CHPS teaches ways to manage stress in life, at workplace

  • Published
  • By Tinker
  • Civilian Health Promotions Services
Stress is a problem everyone encounters at one point or another.

There are multiple types of stress: both good and bad. There are many different times and places people experience stress. The Centers for Disease Control and Prevention defines job stress as the "harmful physical and emotional responses that occur when the requirements of the job do not match the capabilities, resources, or needs of the worker. Job stress can lead to poor health and even injury."

The American Psychological Association shows that 69 percent of people view their job as a major reason for their stress. There are many reasons that stress occurs at work: tasks, management style, workplace relationships, work roles, career concerns and even environmental conditions in the workplace. No two people experience stress in the same way, sometimes a situation that affects one person will barely affect another. When stress is short term, it is not detrimental to a person's health; however, when it is long term, it wears the body down.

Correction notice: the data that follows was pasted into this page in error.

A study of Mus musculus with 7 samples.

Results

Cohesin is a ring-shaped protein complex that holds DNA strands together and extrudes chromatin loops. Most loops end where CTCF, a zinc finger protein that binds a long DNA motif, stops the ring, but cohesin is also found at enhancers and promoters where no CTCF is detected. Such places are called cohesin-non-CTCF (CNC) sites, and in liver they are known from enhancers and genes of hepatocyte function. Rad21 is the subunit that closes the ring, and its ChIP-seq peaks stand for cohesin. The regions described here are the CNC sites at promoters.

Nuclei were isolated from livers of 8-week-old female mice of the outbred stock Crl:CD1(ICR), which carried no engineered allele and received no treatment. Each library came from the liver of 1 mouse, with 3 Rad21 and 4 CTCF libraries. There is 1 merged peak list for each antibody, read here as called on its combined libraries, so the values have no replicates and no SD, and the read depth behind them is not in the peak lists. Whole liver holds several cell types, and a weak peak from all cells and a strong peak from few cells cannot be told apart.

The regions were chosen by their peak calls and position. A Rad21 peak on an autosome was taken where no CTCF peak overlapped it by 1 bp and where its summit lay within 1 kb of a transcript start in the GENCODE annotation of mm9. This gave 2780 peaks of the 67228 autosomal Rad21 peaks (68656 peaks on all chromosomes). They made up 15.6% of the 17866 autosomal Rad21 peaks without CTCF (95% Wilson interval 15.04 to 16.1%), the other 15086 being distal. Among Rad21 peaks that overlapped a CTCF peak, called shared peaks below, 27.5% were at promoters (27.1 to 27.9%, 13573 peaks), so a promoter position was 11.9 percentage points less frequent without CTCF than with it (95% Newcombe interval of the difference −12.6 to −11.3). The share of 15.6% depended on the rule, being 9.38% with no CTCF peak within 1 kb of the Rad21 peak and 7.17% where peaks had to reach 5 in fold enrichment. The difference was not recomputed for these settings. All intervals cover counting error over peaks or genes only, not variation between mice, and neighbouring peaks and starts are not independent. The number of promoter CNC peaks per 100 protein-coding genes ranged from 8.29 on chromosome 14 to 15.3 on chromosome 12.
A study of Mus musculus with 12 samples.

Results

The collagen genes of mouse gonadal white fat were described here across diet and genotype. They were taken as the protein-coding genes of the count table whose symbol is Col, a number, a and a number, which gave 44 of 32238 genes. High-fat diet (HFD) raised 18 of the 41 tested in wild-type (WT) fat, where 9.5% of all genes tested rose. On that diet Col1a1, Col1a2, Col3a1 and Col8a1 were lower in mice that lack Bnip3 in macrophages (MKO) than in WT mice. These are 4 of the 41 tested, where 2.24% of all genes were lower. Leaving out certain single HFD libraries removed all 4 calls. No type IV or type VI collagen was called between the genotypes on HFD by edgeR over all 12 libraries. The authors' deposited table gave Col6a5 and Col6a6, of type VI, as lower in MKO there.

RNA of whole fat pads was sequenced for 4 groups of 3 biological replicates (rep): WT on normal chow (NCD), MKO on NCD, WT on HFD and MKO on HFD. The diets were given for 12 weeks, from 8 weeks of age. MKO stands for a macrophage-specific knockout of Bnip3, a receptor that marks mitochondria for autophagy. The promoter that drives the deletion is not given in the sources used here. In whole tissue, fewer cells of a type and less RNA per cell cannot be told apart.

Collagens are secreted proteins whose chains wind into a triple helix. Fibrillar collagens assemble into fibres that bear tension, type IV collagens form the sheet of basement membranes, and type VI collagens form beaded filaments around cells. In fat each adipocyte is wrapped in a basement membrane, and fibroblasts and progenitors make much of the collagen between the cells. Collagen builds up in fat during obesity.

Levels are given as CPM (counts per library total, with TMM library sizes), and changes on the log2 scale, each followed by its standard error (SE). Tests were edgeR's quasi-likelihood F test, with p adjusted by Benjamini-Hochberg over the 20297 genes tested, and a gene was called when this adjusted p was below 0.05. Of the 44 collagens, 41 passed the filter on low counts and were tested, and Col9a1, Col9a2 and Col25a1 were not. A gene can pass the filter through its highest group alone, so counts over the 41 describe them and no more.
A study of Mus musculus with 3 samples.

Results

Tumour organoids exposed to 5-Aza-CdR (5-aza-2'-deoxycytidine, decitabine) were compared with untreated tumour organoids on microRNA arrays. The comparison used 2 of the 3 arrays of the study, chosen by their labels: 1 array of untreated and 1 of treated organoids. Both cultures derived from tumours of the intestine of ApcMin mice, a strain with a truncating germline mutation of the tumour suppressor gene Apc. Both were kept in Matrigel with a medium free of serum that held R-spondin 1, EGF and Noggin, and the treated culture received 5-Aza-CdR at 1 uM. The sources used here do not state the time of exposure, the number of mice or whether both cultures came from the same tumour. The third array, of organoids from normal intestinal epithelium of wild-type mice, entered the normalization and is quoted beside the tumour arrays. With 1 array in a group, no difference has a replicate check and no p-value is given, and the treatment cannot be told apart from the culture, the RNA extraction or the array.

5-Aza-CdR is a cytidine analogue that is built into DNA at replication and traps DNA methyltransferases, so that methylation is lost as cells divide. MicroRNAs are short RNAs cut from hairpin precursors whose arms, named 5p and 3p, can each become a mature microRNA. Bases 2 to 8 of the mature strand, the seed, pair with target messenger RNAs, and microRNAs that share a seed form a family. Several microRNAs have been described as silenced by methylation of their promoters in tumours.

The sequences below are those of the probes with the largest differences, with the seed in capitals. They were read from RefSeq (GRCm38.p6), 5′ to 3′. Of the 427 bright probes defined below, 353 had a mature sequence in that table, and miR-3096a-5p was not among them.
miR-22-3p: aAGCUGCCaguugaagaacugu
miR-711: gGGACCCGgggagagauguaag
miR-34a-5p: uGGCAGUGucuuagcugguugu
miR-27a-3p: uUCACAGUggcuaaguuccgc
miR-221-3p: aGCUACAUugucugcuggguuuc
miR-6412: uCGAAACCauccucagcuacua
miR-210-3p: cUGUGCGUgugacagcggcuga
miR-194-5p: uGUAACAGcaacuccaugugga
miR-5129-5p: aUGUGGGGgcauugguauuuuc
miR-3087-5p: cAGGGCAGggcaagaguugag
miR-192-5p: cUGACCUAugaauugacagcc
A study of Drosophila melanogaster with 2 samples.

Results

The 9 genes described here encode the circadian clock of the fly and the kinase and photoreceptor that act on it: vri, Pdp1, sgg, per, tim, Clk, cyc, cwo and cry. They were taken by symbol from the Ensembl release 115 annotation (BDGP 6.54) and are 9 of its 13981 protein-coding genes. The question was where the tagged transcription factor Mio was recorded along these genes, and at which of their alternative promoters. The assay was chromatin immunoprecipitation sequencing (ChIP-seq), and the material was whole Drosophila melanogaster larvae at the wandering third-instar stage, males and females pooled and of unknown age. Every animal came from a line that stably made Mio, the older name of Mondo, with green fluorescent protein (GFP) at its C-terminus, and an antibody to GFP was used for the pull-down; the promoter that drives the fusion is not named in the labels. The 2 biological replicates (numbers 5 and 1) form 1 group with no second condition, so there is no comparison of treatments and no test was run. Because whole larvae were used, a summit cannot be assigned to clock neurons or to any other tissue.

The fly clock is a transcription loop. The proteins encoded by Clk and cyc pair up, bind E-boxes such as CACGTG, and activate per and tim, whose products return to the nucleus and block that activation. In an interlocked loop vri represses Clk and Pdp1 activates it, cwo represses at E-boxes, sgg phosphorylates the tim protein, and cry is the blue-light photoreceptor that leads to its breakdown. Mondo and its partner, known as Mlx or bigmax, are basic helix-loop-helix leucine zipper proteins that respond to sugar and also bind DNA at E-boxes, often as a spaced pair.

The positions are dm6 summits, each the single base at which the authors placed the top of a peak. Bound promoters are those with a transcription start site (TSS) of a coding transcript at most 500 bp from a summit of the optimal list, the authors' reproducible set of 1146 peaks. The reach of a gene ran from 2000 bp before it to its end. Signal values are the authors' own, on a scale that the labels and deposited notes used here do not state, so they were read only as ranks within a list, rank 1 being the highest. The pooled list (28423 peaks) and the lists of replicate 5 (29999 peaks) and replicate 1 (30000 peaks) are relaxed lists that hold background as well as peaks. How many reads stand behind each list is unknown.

Stress can have short term and long term effects. People frequently experience a lot of the short term effects -- such as headaches, difficulty sleeping, difficulty concentrating, mood swings and stomach problems -- on a daily basis. When stressors are resolved, the short term effects tend to cease. However, when they are not resolved, they can often lead to chronic stress which can cause serious issues.

Many illnesses can occur because of chronic stress. They include cardiovascular disease, psychological disorders, gastrointestinal problems and impaired immune function. Chronic stress can also lead to thoughts of suicide or bodily harm. It is important to understand how stress affects you, especially workplace stress.

The Civilian Health Promotions Services office at Tinker can teach people how to identify stressors in their life and workplace and some simple techniques to manage that stress. CHPS offers a Stress Management series along with other classes to help reduce stress. To learn more about the classes being offered visit
www.AFMCwellness.com or contact CHPS by email chpstinker@psc.gov or by phone 734.4645.